October 22, 2010 – Progress Bank of Florida, Tampa, Florida, was closed today by the Florida Office of Financial Regulation, which appointed the FDIC as receiver. The FDIC sold the failed two branch bank to Bay Cities Bank, Tampa, Florida, under a purchase and assumption agreement under which Bay Cities will assume all of the deposits and purchase essentially all of the assets of Progress Bank.
In May 2008, Progress Bank, formerly known as Bay Financial Savings, changed its charter from a savings bank to a state-chartered commercial bank. Progress Bank’s website contains an article by the Tampa Bay Business Journal explaining why Progress Bank decided to focus on commercial lending.
The Florida Office of Financial Regulation approved Bay Financial’s switch from a federal savings bank to a state-chartered commercial bank on April 15, along with a name change to Progress Bank. The change, effective May 1, allows the bank to expand commercial lending and divest some of its residential real estate portfolio, said Thomas Rummel Jr., president. The bank no longer is regulated by the federal Office of Thrift Supervision, which requires maintaining a significant portion of the assets in home loans.
“That was not the focus of the bank going forward. It’s commercial,” Rummel said. “We’re a commercial bank and we’re run by commercial bankers.”
The bank had $53.4 million in loans as of Dec. 31 with 60 percent of that, or $32.1 million, in residential real estate loans. It currently is looking to sell $7 million in residential loans, many of them loans that Bay Financial purchased from other institutions.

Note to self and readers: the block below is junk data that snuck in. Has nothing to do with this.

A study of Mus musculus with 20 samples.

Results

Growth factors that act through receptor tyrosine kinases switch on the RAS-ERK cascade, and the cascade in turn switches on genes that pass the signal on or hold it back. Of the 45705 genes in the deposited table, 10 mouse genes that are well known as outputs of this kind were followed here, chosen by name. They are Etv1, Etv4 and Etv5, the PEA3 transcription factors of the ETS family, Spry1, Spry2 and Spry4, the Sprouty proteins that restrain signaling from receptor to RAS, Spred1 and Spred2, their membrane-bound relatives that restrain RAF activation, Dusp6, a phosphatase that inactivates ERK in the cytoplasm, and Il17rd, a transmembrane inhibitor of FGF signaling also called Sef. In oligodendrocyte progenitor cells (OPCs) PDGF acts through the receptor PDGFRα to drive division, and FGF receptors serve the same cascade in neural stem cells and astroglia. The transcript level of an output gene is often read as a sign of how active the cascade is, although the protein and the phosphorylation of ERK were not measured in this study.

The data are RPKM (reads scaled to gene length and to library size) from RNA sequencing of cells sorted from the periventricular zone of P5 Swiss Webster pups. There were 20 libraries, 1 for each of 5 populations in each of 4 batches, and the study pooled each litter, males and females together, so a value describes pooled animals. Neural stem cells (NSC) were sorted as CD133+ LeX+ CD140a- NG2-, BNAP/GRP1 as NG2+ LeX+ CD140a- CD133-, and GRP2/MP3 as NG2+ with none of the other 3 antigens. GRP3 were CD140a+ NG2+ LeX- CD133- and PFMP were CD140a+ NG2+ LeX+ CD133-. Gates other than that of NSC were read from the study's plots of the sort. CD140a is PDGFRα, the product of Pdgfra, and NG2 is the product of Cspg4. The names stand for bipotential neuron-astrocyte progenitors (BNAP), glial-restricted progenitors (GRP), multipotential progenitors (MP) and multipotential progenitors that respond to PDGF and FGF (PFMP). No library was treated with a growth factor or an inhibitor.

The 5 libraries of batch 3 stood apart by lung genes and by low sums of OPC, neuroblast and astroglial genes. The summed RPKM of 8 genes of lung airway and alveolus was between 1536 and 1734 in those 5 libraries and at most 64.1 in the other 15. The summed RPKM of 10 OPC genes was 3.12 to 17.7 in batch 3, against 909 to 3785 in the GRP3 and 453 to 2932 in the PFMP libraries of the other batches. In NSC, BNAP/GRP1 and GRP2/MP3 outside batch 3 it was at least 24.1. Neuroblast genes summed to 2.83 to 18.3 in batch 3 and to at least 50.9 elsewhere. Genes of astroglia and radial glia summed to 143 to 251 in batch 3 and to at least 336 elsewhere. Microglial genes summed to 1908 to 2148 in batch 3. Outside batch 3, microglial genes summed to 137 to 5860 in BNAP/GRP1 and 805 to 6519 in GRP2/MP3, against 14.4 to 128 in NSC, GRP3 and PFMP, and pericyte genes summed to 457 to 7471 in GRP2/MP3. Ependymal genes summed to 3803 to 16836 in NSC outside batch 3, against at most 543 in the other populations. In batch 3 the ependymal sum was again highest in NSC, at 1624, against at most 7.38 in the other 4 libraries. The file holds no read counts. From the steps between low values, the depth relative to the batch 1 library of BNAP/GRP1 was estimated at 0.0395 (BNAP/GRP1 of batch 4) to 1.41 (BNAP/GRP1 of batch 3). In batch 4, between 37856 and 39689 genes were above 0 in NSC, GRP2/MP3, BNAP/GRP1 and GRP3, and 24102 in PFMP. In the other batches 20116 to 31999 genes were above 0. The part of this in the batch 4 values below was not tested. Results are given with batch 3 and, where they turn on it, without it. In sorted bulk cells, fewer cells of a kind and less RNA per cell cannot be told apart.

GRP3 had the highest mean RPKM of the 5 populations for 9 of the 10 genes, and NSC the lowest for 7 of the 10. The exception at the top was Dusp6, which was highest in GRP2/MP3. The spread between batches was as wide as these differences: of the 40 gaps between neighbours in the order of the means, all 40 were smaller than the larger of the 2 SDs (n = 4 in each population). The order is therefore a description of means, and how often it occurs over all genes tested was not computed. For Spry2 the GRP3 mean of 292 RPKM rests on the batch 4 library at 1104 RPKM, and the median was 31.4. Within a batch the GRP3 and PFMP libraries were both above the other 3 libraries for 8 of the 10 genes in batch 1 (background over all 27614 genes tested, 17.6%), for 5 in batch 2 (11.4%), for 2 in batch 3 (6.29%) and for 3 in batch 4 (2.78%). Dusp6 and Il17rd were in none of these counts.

Since last year, the bank has added about $40 million in commercial loans, and it will build on those existing commercial relationships.
In hindsight, it probably wouldn’t have made much difference if Progress Bank had remained focused on residential lending or aggressively moved into commercial lending. Early Spring 2008 marked the beginning of the greatest collapse in residential and commercial real estate in Florida since the last depression.
Bay Cities Bank opened in November of 1999 as a community bank in Tampa, Florida. Bay Cities is an independently owned and operated community bank with over $500 million in assets according to information posted on Bay Cities website.
Bay Cities Bank is owned by parent company Florida Business BancGroup, Inc, which in April 2010, raised $21.2 million in capital from new and existing shareholders. The company currently has about 360 shareholders. Although Florida Business BancGroup received $9.5 million in TARP funds from the US Treasury in February 2009, the new money will not be used to payback the TARP money.
At the present time, Florida Business still owes the US Treasury $8.7 million. According to Greg Bryant, President and CEO of Bay Cities, repaying TARP is not the Bank’s first priority since TARP money is “cheap capital” and the new money can be better invested elsewhere by Bay Cities. According to Bryant, “We still see opportunities to expand our balance sheet and grow our [market] share.”
Depositors of Progress Bank will have access to their money over the weekend and will automatically become depositors of Bay Cities with uninterrupted FDIC insurance coverage.
Progress Bank had total assets of $110.7 million and total deposits of $101.3 million at June 30, 2010. Bay Cities did not pay a premium to the FDIC for the deposits of Progress Bank. Bay Cities and the FDIC entered into a loss-share transaction covering $82.6 million of Progress Bank’s assets to protect Bay Cities from losses on the asset pool acquired.
Progress Bank of Florida is the 134th banking failure this year and the 27th in Florida. The cost to the FDIC Deposit Insurance Fund (DIF) for the failure of Progress Bank is estimated at $25.0 million.